Author Topic: College Cookery  (Read 2874 times)


« on: July 22, 2007, 12:04:43 am »
This fall I'm going to be living away from home for the first time.  I have an apartment that I'll be sharing with some guys, but for the most part I will be on my own with regard to food.  I have seriously never "cooked" anything in my life.  I could probably make Charlie Brown's Thanksgiving look like an episode with Emeril (that chef on TV...BAM!)

Since I'm trying to move away from processed foods...and I don't want to burn the ol' paws every other mealtime...what are some suggested dishes for someone just learning to prepare real meals?  (Omnivorous, no special requirements/allergies if that makes a difference.)

« Reply #1 on: July 22, 2007, 05:45:20 am »
If you'll be getting cable in your apartment, watch Good Eats on the Food Network. It's both entertaining and the best culinary education you'll get while sitting on the couch.  Take notes, focusing more on the technique than the ingredients.  There's really only seven basic cooking techniques that you'll use for the vast majority of things you can make, so learning them is a lot more important than whether or not you should put a little oregano in a specific dish.

Ignore, however, anything that comes out of Rachael Ray's dumb mouth. D:

Also, for buying kitchen equipment, break out the phone book and look up the nearest restaurant supply; most of them are open to the public.  Restaurant supply equipment is durable, no-frills and relatively inexpensive, whereas equipment at chain stores is either shoddy and worthless or fancy and overpriced.  Also, resist fancy kitchen gadgets such as George Foreman grills, electric can openers, fajita makers, Showtime Rotisserie ovens, and the like.  They are absolutely pointless and don't do the job as well as you can.

Finally, learn to salt to taste.  Get a box of kosher salt, add a pinch of salt at the beginning of cooking, then taste it at the end of cooking.  Keep adding salt and tasting until it tastes like it would be too salty if you added any more salt.  It makes a huge difference.

« Reply #2 on: July 23, 2007, 12:43:07 am »
Thanks, Lobar.  I'll see if I can get that.

Anyone else have suggestions?

« Reply #3 on: August 26, 2007, 08:59:44 pm »
Just did a bit of spelunking in these threads and I came across this. Landrav, what I would personally recommend for you is a book entitled Betty Crocker's Cooking Basics. It is a very good introduction to the subject for one who knows little to nothing about cookery, as you said yourself, and it lists all the sorts of things that most cooks take for granted, such as proper approximate temperatures for various foods.

Although this advice is quite belated, I do hope that it helps.

« Reply #4 on: August 26, 2007, 09:33:51 pm »
Thanks, Edward!

I should report that since I've moved in, I have had cheese pizza, soup and salad, and waffles.  (I was gone the past three days, so don't worry about my eating habits!)  So I'm not starving, but I really want to eat healthy and not gain too much weight.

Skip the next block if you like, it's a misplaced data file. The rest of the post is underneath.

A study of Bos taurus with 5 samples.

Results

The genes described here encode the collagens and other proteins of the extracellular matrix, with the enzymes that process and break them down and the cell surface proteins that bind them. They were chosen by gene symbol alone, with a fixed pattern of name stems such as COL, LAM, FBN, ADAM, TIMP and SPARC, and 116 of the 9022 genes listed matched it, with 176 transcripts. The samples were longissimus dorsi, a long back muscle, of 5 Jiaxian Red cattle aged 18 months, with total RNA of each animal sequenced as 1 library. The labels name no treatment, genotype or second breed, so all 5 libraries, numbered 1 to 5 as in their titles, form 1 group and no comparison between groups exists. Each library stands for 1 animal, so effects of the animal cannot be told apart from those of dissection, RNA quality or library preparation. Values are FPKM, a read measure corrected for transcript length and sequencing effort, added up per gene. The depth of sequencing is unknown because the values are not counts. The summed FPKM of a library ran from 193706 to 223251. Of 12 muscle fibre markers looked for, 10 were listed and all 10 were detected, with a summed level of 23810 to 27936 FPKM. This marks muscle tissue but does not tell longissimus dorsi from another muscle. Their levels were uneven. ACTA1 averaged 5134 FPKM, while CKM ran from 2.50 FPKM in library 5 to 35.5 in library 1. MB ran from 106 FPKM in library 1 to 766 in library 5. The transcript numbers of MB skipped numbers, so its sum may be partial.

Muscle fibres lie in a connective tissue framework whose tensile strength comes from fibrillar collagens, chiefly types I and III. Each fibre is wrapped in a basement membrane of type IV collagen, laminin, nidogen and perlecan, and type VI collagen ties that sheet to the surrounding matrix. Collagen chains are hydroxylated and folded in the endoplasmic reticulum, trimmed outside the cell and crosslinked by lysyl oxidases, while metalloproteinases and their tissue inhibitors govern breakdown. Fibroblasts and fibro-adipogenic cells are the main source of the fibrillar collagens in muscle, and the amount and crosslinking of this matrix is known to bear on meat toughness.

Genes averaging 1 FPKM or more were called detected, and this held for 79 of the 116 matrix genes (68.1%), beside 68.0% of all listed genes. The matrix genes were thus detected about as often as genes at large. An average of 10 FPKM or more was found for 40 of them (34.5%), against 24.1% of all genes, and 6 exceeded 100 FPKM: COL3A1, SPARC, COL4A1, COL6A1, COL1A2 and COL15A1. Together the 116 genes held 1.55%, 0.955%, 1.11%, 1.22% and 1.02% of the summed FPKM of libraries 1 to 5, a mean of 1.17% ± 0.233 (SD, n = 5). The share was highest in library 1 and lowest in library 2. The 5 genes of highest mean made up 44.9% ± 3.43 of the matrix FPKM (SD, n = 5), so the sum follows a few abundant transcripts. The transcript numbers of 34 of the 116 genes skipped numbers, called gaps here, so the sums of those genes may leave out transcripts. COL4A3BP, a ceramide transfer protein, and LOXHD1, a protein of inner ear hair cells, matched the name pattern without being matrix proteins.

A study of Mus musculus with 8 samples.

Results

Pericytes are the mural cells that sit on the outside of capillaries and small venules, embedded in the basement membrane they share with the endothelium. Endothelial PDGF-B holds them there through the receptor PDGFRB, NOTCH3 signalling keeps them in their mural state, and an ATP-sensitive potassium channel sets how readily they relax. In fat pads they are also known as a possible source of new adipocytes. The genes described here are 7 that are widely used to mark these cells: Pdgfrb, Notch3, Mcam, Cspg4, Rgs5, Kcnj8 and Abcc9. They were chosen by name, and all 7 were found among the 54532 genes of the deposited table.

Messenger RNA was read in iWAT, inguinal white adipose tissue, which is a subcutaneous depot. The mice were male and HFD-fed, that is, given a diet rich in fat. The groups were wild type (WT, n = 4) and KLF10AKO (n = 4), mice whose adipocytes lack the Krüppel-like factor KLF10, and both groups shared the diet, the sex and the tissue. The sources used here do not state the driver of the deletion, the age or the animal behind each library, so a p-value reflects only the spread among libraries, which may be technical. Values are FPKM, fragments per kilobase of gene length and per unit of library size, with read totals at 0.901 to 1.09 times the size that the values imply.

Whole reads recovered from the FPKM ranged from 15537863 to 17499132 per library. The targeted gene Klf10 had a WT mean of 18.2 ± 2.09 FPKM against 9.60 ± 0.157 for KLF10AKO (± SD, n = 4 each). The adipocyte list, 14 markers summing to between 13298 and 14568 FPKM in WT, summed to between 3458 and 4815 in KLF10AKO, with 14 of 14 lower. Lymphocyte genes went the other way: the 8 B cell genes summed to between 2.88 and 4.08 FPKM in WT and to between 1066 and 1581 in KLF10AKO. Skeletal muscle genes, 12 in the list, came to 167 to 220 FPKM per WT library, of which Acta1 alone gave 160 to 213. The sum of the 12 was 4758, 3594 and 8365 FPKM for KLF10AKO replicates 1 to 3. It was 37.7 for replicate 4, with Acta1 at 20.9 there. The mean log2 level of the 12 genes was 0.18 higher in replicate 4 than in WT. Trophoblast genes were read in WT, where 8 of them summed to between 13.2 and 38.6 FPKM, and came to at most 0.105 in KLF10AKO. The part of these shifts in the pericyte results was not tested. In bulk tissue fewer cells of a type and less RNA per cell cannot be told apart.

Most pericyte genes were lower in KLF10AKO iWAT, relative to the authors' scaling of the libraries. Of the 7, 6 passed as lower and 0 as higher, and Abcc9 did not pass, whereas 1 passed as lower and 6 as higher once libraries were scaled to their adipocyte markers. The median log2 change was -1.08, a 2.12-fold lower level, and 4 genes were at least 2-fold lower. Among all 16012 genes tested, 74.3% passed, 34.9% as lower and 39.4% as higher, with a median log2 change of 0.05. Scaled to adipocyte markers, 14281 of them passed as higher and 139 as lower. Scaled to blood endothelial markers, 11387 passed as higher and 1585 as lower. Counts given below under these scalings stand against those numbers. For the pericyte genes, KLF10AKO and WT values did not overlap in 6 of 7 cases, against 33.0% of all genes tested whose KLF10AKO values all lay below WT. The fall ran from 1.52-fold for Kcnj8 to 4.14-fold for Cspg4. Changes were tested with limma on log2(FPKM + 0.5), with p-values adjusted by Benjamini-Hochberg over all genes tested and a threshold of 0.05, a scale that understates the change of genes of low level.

« Reply #5 on: August 18, 2008, 04:34:00 pm »
I know that the college stand-by, for a long time, has been ramen. I went through a semester of tech school and three and a half years of university without ever making the stuff. My preference for quick and healthy meals has relied on keeping fresh fruit on hand (bananas, apples and oranges at the very least), flour tortillas, shredded cheese, canned chili beans, canned hominy (the whole kernal variety--looks like large white kernals of corn), canned refried beans, bags of salads, salsa and cous cous (you can get single serving cups in various flavors made by Fantastic Foods). For someone out on their own, these are good things to keep on hand. It doesn't take long to throw together a bean burrito or heat some chili beans mixed with hominy (tastes better than it sounds) and is inexpensive. Many of these things cost less than ramen and are so much more satisfying. The cous cous and salad is really great when you need a quick meal between classes. In 3-5 minutes, you have your meal. It is good to experiment as you become more comfortable with cooking. I know that living arrangements while at college can be such that you may not have all the amenities at your disposal, which is why it can be good to keep it simple at first.

For some free simple recipes, you can sign up at http://kraftfoods.com/kf to receive free cookbooks through the mail or recipes via email. The Betty Crocker and Campbells soup Web sites offer similar services. Many organic food distributers offer free recipes as well. One of my faves is found at the Muir Glen Web site: http://muirglen.com/Recipes/default.aspx

Hope this helps.

« Reply #6 on: August 18, 2008, 06:00:17 pm »
dude, i could eay spaghetti 7 days a week and be fine with it. so dont listen to me when i tell you that making spaghetti is easy and should be eaten with every meal. it is easy though, sauce, pasta, mix them together. also, jsut hang around the kitchen alot before you leave and watch you mom and help her make dinner every night, that will help a ton.

« Reply #7 on: October 03, 2008, 02:22:42 pm »
Ramen noodles and pizza. there lol. nah actully ramen can be fun to cook with cause there is so much you can do with it. leave it crunchy and mix it into a salad, fry it in oil, eat it right out  of the bag lol.
Actully Edward made a good segestion about invsting in cooking books, the one he suggested if pretty good to my mom has a copy of it.